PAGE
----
Editor's note: Below you'll find the week 28 release of the NYC Recovery Index, originally published Feb. 16, 2021. Visit the NYC Recovery index homepage for the latest data.
New York City’s economic recovery rebounded slightly during the week of Feb. 6 as unemployment claims declined and home sales took a positive turn. However, the city is still less than halfway back to pre-pandemic levels and has a lot of room to grow before things normalize. New York City’s economic recovery will largely depend on how quickly vaccine distribution and development can occur citywide, as this will affect all metrics in the index.
New York City’s recovery stands at 44.1 out of a total score of 100, according to the New York City Recovery Index, a joint project between Investopedia and NY1. The index increased 1.1 points from the prior week, but still hovers at August levels. Eleven months into the pandemic, New York City’s economic recovery remains less than halfway back to early March 2020 levels.
COVID-19 Hospitalizations Stabilize
The number of New York City hospitalizations remained nearly the same as the previous week with an average of 336 hospitalizations per day for the week of Feb. 6, compared to the 340 average daily hospitalizations the previous week. The high caseload is 10 times the figure reported on Sept. 26. New York City recorded a total of 676,000 cases and 28,428 deaths as of Feb. 16.
Case numbers will be an important factor to watch as vaccine distribution continues throughout the country. New York expanded vaccine eligibility to people with underlying comorbidities like obesity, pregnancy, heart conditions, and weakened immune systems.
New York has so far administered 3.1 million doses statewide, according to the CDC. The state’s vaccination rate places it at No. 22 among the nation’s 50 states and Washington, D.C., according to VeryWell. About 18% of eligible adults have received both vaccine doses in New York.
Unemployment Levels Decline
During the week of Feb. 6, nearly 6,834 fewer New Yorkers filed unemployment insurance claims compared to the previous week. Approximately 23,451 New Yorkers filed for unemployment during the week of Feb. 6, representing a smaller year-over-year percentage increase (302%) compared to the previous week (396%).
The Biden administration’s proposed $1.9 trillion relief plan includes distributing an additional $1,400 in stimulus checks to Americans to help offset the economic burden faced by individuals across the country, as well as $400 in weekly unemployment checks through next September. However, Senate Republicans have advanced a smaller stimulus plan that would cut the direct stimulus payments to $1,000.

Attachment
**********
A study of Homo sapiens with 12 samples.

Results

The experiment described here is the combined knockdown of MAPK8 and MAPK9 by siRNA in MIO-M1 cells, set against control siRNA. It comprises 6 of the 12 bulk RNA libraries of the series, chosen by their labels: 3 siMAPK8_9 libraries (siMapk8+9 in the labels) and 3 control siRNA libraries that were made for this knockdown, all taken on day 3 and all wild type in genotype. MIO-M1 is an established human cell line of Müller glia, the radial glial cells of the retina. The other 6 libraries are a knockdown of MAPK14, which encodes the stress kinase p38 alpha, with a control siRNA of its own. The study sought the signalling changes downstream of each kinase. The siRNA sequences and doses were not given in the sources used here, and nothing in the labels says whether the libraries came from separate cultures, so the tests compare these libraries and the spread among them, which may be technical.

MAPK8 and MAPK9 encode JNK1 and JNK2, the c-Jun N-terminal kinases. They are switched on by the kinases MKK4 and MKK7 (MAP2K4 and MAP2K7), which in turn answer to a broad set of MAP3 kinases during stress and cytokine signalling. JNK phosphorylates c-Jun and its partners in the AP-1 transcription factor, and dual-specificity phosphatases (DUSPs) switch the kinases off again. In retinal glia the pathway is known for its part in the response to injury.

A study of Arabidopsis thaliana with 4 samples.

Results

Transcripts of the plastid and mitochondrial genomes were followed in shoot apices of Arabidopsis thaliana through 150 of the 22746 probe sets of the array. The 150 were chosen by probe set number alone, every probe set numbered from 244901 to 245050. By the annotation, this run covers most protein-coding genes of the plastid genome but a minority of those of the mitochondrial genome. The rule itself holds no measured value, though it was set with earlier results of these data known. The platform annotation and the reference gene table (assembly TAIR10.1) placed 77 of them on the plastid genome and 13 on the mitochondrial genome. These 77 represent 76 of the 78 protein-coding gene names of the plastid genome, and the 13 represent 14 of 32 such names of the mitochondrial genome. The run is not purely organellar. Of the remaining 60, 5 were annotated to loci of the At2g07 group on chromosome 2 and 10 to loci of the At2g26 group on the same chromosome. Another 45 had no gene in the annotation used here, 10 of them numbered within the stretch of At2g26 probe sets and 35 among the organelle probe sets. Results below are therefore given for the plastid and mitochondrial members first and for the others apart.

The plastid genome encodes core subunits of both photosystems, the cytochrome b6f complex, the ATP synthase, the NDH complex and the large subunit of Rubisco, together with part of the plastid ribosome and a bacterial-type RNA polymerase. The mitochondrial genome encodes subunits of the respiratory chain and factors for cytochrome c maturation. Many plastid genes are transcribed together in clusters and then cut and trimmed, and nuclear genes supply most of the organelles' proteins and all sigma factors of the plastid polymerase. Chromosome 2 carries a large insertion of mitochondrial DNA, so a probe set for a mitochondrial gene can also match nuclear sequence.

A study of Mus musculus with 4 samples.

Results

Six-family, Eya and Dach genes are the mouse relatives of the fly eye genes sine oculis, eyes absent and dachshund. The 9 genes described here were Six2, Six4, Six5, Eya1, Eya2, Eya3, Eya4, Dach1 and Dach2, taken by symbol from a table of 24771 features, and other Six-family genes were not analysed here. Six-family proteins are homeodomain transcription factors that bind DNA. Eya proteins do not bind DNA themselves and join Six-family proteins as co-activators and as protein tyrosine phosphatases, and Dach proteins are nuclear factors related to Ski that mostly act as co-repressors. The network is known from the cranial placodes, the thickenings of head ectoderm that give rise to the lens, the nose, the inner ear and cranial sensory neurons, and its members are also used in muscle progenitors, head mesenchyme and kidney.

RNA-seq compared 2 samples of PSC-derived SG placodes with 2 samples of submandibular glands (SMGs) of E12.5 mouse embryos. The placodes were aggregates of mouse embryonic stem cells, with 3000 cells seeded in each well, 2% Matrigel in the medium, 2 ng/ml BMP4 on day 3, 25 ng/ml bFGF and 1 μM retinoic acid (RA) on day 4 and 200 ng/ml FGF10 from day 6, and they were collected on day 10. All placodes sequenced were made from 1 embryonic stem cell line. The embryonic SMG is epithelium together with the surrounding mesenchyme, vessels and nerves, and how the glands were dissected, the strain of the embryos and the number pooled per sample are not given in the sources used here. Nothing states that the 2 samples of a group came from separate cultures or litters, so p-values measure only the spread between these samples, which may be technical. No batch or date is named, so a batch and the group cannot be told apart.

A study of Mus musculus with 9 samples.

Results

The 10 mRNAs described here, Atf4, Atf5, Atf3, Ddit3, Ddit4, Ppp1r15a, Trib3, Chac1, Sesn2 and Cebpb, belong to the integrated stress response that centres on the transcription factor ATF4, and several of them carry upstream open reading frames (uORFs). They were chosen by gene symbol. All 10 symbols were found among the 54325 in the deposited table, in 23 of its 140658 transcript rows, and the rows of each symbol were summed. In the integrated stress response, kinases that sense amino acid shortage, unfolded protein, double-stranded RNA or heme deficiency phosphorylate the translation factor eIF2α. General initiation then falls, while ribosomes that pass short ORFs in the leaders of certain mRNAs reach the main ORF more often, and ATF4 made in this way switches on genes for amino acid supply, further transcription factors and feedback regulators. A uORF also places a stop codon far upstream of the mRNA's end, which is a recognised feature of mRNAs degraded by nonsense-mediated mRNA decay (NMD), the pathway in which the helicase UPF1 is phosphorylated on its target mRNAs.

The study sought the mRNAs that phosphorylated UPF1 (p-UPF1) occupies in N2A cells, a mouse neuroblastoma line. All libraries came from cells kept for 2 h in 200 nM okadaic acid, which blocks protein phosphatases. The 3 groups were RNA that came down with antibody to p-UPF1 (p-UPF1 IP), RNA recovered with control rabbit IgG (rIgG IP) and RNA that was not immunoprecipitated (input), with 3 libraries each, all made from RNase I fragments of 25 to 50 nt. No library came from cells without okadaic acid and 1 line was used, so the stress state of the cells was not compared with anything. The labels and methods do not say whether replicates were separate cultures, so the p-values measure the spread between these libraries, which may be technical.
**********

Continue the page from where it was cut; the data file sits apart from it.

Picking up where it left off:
Home Sales Start to Improve
During the week of Feb. 6, pending home sales, or homes in contract, improved for the first time after three consecutive weeks of declines. There were 536 home sales during the week of Feb. 6, up from 520 sales the previous week. This represents a larger year-over-year percentage increase (32%) compared to the previous week (27%), according to data from StreetEasy. Manhattan, Brooklyn, and Queens all have year-over-year increases of 51%, 34%, and 10%, respectively.
The housing market has been in full swing since the pandemic started as people look to move into larger spaces as they work from home. The median price for a single-family home in the U.S. rose 14.9% year-over-year to $315,900 during the fourth quarter of 2020, according to the National Association of Realtors (NAR). This was the biggest surge since 1990.
Rental Market Continues to Recover
New York City’s rental market continued to see a small improvement as apartment vacancies dropped for the third consecutive week. The number of rental vacancies in New York City dropped week-over-week to 36,013 during the week of Feb. 6, down from 36,937 the week prior, according to data from StreetEasy. Nonetheless, the number of available rental units is still more than 40% greater than what it would normally be this time of year.
New York City has not seen a hit to its real estate market this large since the 2008 financial crisis. But signs of improvement are becoming clearer, especially in Manhattan and Brooklyn, where lease signings have seen their highest surge in the past 13 years due to a drop in net effective median rent, according to Douglas Elliman. The median rental price in January in Manhattan and Brooklyn was 2,812 and 2,472, respectively.
Subway Ridership Continues to Dip
Subway ridership declined for the second week in a row during the week of Feb. 6 as 1.48 million New York City riders used public transport. The rolling seven-day average was approximately 72% less than last year’s average, up from 70% less the prior week, according to data from the MTA. Subway ridership typically increases in the spring in New York City and the year-over-year gap may become more drastic if the use of public transportation continues to be hampered due to scheduling and safety concerns related to COVID-19. The MTA said it will start running the subway longer into the night, closing the system for cleaning only from 2 to 4 a.m., instead of from 1 to 5 a.m.
Restaurants Still Struggling
Restaurant reservations decreased as the industry continues to suffer from record reservation lows. During the week of Feb. 6, the estimated number of seated diners was 92% lower than a year ago, compared to 91% lower the previous week, according to data from OpenTable. Reservations are near the lows of late-March and early-April, in large part due to Gov. Andrew Cuomo’s Dec. 14 restriction on indoor dining. The governor allowed restaurants to reopen indoor dining at 25% capacity on Feb. 11. Future reservations in the city will depend largely on a decline in COVID-19 cases and warmer weather as many diners still prefer outdoor seating during the pandemic.